Barack Obama received a “detailed review of a range of potential options” from his top advisers on how the United States and its allies could respond to an alleged chemical weapons attack in Syria, the White House said.
The US president also spoke with David Cameron, the British prime minister, about Syria by telephone on Saturday and agreed to consult about “potential responses by the international community,” the White House statement said.
The statement did not provide details about what options were under consideration, and gave no indication about Obama’s timeline for making a decision on the issue.
Chuck Hagel, the US defence secretary, on Sunday said the Pentagon was prepared to carry out military options on Syria should Obama choose to exercise any of them.
“President Obama has asked the Defence Department to prepare options for all contingencies. We have done that and we are prepared to exercise whatever option – if he decides to employ one of those options,” Hagel told reporters during a trip to Malaysia.
A White House official said that Obama had asked for evidence to be gathered on the attack in a Damascus suburb on Wednesday, which opposition groups say killed as many as 1,300 people.
“In coordination with international partners and mindful of the dozens of contemporaneous witness accounts and record of the symptoms of those killed, the US intelligence community continues to gather facts to ascertain what occurred,” the official said.
US Secretary of State John Kerry spoke to Walid al-Muallem, the Syrian foreign minister, on Thursday and told him the Damascus government should have let UN inspectors have access to the site of the alleged gas attack, the State Department said on Saturday.
Kerry called “to make clear that if, as they claimed, the Syrian regime has nothing to hide, it should have allowed immediate and unimpeded access to the site rather than continuing to attack the affected area to block access and destroy evidence,” a State Department official said.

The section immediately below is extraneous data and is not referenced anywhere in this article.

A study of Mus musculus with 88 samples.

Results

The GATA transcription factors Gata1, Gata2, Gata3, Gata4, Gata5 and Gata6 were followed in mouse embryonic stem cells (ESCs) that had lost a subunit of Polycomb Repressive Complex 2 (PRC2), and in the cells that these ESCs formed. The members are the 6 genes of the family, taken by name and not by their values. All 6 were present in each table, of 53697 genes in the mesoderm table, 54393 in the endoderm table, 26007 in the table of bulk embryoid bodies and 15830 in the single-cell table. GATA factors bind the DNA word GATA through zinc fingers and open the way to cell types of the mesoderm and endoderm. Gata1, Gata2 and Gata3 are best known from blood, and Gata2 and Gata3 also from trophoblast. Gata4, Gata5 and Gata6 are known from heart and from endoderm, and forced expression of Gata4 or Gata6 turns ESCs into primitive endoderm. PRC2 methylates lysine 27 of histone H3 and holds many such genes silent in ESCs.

Kerry, who participated remotely in the White House meeting on a potential US response to the alleged use of chemical weapons in Syria, made a round of diplomatic calls on Saturday to his counterparts in Saudi Arabia, Jordan and Turkey, the official said.
“In all these calls, the secretary emphasised the importance of quickly determining the facts and underscored the seriousness and gravity of any chemical weapons use,” the official said.
A spokesperson of Cameron said that the British prime minister and Obama agreed that a significant use of chemical weapons in Syria would merit a “serious response” from the international community.
“They are both gravely concerned by the attack that took place in Damascus on Wednesday and the increasing signs that this was a significant chemical weapons attack carried out by the Syrian regime against its own people,” the spokesperson said.
Cameron also spoke to Stephen Harper, the Canadian prime minister, about the situation in Syria and the need for an appropriate response, the spokesperson said.
The US president has repeatedly warned that Syrian President Bashar al-Assad would cross a “red line” if his forces used chemical weapons, and compel the US to action.
If confirmed, the attack would be the deadliest use of chemical agents since Saddam Hussein gassed Iranian troops, and Kurdish rebel areas in northern Iraq in the 1980s.
The Syrian government has denied using chemical weapons, and blames rebels for the attack.
On Friday, Hagel suggested that the US was moving forces into place ahead of possible military action against Syria.
However, Obama has expressed caution about the kind of intervention that could draw the US into another prolonged conflict in the Middle East.
US commanders have nevertheless prepared a number of options for Obama if he chose to proceed with military strikes against Damascus, Hagel said.
Reuters news agency reported that the commander of the US Sixth Fleet had decided to keep the USS Mahan, a warship armed with cruise missiles, in the region despite the ship having completed its deployement.
The USS Ramage, a guided-missile destroyer that was orginally intended to replace USS Mahan, has also arrived in the region.
Travelling in Malaysia, Hagel discussed in his statement, the decision to keep the Mahan in the Mediterranean.
“The Defence Department has responsibility to provide the president with options for all contingencies,” he said. “And that requires positioning our forces… to be able to carry out different options – whatever options the president might choose.”
Asked whether it was fair to report that the US had moved assets, Hagel said: “I don’t think I said that. I said that we are always having to prepare – as we give the president options – prepare our assets and where they are and the capability of those assets to carry out the contingencies we give the president.”